A guest blog from Mark Holling, secretary of the Rare Breeding Birds Panel.

The latest annual report from the Rare Breeding Birds Panel (RBBP) reveals that there were at least 2,230 breeding pairs of Avocets in the UK in 2016. This is the first time since the species (the emblem of the RSPB since 1970) recolonised the country in the 1940s that over 2,000 pairs have nested. All but one of the 112 breeding sites were in England, from Somerset in the south-west to Northumberland in the north-east. The sole Welsh colony is at the RSPB reserve at Newport Wetlands in Gwent. Avocets had never been recorded nesting in Scotland until this year, 2018, when a pair bred at the RSPB reserve at Skinflats, near Grangemouth.

Other species which posted their highest ever annual totals since the Rare Breeding Birds Panel first started reporting (1973) include Mediterranean Gull, Cetti’s Warbler and Little Egret. These three species have been spreading north and west since colonising the UK in the 1960s, 1970s and 1990s respectively. All have likely benefitted from milder winters and the provision of new wetlands. Two birds of prey, Osprey and Goshawk, were also recorded at their highest ever totals. Strengthened protection of these raptors has helped them spread into new areas, although the Goshawk, along with a number of other species of birds of prey, continues to suffer from illegal persecution in some parts of its range. Cirl Buntings were the subject of a national survey in 2016 and they have reached their highest numbers in many decades, an estimated 1,079 territories, all in Devon and Cornwall, the result of years of partnership work between farmers and conservationists to bring this species back from the brink of extinction.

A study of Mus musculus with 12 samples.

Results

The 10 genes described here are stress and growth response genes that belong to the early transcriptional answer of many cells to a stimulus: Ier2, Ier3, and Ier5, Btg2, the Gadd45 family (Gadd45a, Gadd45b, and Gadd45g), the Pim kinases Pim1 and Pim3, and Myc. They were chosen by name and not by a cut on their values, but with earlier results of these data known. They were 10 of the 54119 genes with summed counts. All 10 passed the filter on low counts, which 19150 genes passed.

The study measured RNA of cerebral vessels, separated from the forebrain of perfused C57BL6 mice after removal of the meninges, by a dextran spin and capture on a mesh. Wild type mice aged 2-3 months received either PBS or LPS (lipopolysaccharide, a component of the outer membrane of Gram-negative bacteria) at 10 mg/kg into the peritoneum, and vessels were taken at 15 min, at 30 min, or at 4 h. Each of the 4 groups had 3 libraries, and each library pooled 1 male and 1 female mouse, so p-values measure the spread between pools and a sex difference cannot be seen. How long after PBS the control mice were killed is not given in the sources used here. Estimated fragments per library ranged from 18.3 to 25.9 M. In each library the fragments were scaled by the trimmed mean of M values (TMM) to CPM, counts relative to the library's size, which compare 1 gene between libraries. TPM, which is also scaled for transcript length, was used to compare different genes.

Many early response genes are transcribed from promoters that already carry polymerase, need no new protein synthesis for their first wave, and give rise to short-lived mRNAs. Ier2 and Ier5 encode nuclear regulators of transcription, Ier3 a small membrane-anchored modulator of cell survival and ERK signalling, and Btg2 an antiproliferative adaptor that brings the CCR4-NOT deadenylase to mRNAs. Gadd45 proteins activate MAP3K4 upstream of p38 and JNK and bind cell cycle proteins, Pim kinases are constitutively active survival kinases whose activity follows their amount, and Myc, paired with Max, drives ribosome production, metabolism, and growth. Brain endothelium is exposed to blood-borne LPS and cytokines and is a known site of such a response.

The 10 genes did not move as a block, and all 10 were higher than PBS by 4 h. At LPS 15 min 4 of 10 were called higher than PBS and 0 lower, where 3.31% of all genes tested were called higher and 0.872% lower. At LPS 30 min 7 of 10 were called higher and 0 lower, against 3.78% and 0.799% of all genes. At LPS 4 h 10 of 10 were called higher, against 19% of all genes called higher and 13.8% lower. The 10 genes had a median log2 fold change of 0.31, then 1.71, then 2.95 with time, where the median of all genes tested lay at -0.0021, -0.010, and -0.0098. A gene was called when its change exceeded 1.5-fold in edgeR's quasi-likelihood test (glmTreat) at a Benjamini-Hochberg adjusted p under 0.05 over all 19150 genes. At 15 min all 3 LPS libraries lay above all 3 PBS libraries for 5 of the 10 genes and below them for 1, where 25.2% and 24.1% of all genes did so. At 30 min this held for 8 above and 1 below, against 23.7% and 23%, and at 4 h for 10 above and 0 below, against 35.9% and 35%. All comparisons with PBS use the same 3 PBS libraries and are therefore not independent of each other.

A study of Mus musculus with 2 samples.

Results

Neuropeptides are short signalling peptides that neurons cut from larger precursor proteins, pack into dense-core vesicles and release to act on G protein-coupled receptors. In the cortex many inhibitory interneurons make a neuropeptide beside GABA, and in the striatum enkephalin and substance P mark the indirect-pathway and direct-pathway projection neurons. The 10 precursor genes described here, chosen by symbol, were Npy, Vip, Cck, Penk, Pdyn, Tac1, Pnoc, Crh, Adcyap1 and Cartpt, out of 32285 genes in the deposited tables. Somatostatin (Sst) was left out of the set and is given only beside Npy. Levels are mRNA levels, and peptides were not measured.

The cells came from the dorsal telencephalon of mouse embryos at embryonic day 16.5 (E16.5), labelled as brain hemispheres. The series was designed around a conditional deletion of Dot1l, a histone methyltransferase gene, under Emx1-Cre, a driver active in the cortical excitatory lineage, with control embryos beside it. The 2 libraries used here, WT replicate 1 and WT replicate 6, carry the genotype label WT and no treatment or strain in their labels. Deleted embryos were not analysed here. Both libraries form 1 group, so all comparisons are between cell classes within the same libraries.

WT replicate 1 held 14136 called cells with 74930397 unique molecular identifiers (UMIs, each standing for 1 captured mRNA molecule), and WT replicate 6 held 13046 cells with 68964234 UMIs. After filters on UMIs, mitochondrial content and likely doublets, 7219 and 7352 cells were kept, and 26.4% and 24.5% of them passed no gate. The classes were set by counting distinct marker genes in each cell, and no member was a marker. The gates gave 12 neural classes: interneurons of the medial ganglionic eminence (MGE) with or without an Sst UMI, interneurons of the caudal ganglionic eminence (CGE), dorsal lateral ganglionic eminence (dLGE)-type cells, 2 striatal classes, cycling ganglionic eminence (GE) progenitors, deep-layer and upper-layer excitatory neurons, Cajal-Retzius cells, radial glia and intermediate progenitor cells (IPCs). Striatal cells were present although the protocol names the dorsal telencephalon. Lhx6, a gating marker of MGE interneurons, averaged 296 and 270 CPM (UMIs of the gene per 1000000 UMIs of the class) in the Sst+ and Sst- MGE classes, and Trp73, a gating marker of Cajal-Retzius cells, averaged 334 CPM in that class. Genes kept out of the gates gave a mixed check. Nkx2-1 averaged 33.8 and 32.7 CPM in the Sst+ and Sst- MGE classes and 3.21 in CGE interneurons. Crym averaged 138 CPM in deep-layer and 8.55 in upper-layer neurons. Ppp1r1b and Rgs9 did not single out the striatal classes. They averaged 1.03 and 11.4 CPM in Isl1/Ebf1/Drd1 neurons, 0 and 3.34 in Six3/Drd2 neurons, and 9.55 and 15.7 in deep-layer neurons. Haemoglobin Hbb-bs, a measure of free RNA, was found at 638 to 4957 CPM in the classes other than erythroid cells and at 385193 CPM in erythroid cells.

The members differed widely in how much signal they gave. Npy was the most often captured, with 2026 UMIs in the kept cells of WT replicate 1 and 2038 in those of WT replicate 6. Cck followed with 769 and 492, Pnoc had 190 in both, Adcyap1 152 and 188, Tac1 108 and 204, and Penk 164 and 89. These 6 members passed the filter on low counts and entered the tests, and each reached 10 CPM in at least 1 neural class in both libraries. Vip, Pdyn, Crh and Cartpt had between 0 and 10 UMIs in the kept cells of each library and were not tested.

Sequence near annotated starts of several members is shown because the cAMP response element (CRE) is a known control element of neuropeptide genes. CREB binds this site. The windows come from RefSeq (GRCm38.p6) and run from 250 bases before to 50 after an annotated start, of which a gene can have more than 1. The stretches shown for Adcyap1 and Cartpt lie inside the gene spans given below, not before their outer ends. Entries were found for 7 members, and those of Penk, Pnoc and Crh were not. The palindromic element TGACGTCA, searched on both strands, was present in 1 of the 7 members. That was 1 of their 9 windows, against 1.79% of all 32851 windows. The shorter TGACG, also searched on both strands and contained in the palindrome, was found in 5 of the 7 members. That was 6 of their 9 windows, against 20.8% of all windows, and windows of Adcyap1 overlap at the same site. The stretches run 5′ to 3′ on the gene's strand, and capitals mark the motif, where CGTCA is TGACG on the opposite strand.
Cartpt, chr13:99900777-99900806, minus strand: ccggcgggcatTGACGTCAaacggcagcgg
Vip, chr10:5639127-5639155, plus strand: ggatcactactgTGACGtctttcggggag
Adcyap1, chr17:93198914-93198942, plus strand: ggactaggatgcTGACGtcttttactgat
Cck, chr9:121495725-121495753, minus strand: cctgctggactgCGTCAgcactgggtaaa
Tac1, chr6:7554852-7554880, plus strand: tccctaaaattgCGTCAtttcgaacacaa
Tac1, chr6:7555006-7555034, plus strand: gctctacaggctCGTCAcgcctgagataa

Not all species are doing quite so well. For the first time since the Panel was set up in the early 1970s, no records of breeding Golden Orioles or Red-backed Shrikes were received. National surveys of Capercaillie and Hen Harrier confirmed the declines in the numbers of these species. The UK’s rarest breeding raptor, the Montagu’s Harrier, was found at only six sites, a continuing decline for this species and the lowest total since 1984. Montagu’s Harriers are confined to small areas of southern England where they nest in arable crops. Each nest is watched over and protected by conservationists who work closely with farmers to ensure areas containing nests are not harvested until after young harriers have fledged.

There were two particularly unusual events in 2016. A pair of Red-spotted Bluethroats was found breeding in highland Scotland, in habitat highly untypical for this species – a treeless stony area high in the mountains. Also in Scotland, a pair of Little Gulls fledged two young from the RSPB reserve of Loch of Strathbeg in Aberdeenshire. This is the first recorded successful breeding by Little Gulls in the UK.

A pair of Red-spotted Bluethroats was found breeding in Scotland (Robert Ince)

The report ‘Rare Breeding Birds in the UK in 2016’, compiled by the Rare Breeding Birds Panel (RBBP), is published in the monthly journal British Birds. Each year the RBBP collates and analyses data on over 100 rare breeding bird species. As well as the report, the RBBP maintains the definitive database of rare breeding birds including numbers and sites. The RBBP is financially supported by the RSPB, JNCC (on behalf of the devolved government conservation agencies Natural England, Scottish Natural Heritage, Natural Resources Wales and the Department of the Environment (Northern Ireland)) and the BTO.

Further information can be obtained from the Secretary of the Rare Breeding Birds Panel at secretary@rbbp.org.uk.